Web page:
Continuing the March
From the outcome of the Trayvon Martin case to the Supreme Court’s decision eliminating two provisions of the Voting Rights Act of 1965, events of the past several months suggest the time is right for a national conversation on race, says Peniel Joseph, professor of history and founding director of Tufts’ Center for the Study of Race and Democracy.
“We see the symmetry with the summer of 1963, when events from the historic March on Washington for Jobs and Freedom to the assassination of Medgar Evers in Mississippi had everyone from politicians to the media to the public talking about race,” says Joseph, who is author of the award-winning Waiting ’Til the Midnight Hour: A Narrative History of Black Power in America and Dark Days, Bright Nights: From Black Power to Barack Obama.
Taking up President Barack Obama’s appeal “for all of us to do some soul searching,” Joseph is convening the National Dialogue on Race Day program “The March on Washington’s 50th: Continuing the Call for Racial Equality in the 21st Century” on Thursday, Sept. 12, at 7 p.m. in Cabot ASEAN Auditorium at Tufts. Similar events are being held in conjunction with National Dialogue on Race Day around the country, including at Arizona State University, Columbia University, UCLA and the Center for the Healing of Racism in Houston.
“As President Obama pointed out, this conversation should not be led by politicians, but should occur among people where they live, so they feel like empowered participants, reengaged on a personal level,” says Joseph, and accordingly, Tufts’ program will be conducted town-hall style, with time for plenty of discussion. It will be multi-generational, multiracial and multicultural.
“This is to bring the Tufts community together, along with the wider community, in a research-driven, intellectually driven conversation about where we are now and how we can go forward,” says Joseph, who reports that guests, among them policy experts and activists, are coming from Roxbury, Dorchester, Medford, Somerville and elsewhere in the Boston area.
Panelists include Michael Curry, president of the Boston chapter of the NAACP; Diane McWhorter, Pulitzer Prize–winning author of Carry Me Home, a history of the civil rights movement in Birmingham; and Paul Watanabe, associate professor of political science at UMass Boston and author of A Dream Deferred: Changing Demographics, New Opportunities and Challenges for Boston. Joseph himself will serve as both a panelist and a moderator.
Joseph believes President Obama spoke for many this summer in one memorable remark on race: “I think it’s important to recognize that the African-American community is looking at this issue through a set of experiences and a history that doesn’t go away,” Obama said.
Exploring that set of experiences and history will be key to the National Dialogue on Race. Joseph acknowledges that signs of racial progress in the United States are obvious: Barack Obama as president and Eric Holder as attorney general; an increased black middle class; more black college and high school graduates; and thousands of black entrepreneurs, business leaders, sports figures and elected officials. But there are worrying signs, too, such as the mass incarceration of black men and women well out of proportion to the white population, Joseph says. Black men receive 20 percent longer prison sentences than white men for the same drug crimes, reported the attorney general in his speech before the American Bar Association; more blacks are jailed for drug use as a percentage of the population, even though the use of drugs is equal among blacks and whites.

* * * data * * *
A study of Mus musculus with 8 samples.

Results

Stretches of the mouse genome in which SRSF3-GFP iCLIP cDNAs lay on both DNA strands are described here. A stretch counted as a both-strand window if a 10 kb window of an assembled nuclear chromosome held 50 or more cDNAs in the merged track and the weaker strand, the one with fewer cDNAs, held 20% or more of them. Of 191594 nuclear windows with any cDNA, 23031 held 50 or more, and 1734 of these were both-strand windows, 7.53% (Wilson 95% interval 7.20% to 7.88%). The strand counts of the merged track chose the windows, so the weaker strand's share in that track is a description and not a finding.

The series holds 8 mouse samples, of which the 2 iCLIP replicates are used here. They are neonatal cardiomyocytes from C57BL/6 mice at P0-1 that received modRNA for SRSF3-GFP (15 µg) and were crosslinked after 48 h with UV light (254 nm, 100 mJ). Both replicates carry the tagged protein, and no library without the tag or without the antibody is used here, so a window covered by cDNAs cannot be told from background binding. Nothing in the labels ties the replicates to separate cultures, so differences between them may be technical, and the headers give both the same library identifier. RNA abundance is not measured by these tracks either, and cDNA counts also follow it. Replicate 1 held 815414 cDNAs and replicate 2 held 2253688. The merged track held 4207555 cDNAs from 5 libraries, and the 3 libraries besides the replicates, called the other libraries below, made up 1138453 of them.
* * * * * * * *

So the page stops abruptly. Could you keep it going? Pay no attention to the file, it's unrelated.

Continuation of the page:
Joseph is also concerned about some misguided notions that people have acquired. “A post-racial society is not a goal, but a post-racist society is,” he says. “Martin Luther King’s dream that we judge not by the color of skin but by the content of character did not mean we should not see race in the future, but that we would not attach negative qualities and stereotypes to race. This misinterpretation has transmuted into this whole idea of color-blind racism, where we announce racial equality as a fact even though there are racial disparities and outcomes.”
And then Joseph has noticed other, more subtle shifts in perspective that do not bode well. In 1997, President Bill Clinton called for an entire year to be dedicated to a national discussion of race. But, says Joseph, his blue ribbon panel got nowhere, in part because the context in which Americans talk about race had changed. From 1963 through 1977, the year Roots became the most-watched television mini-series in history, people engaged in discussions of racism and its origins in slavery. In later years, however, race began to come to the fore more often around disasters or violence, such as the 1992 Los Angeles riots or Hurricane Katrina in 2005. “The problem in our recent history is that we’re just reactive,” says Joseph.
Still, he is convinced that the National Dialogue on Race could have long-lasting consequences. “I hope this day opens up a dialogue, with our center at Tufts as a headquarters, where that conversation can be continued on everything from civil rights and immigration to the justice system,” he says. “The byproduct is people getting to know each other in a different way.” And he adds that pursing such dialogue is central to our ideals as a nation. “Democracy is not something that is static—it must be fought for. It changes over time. It’s dynamic, and it needs our voices.”
Gail Bambrick can be reached at email@example.com.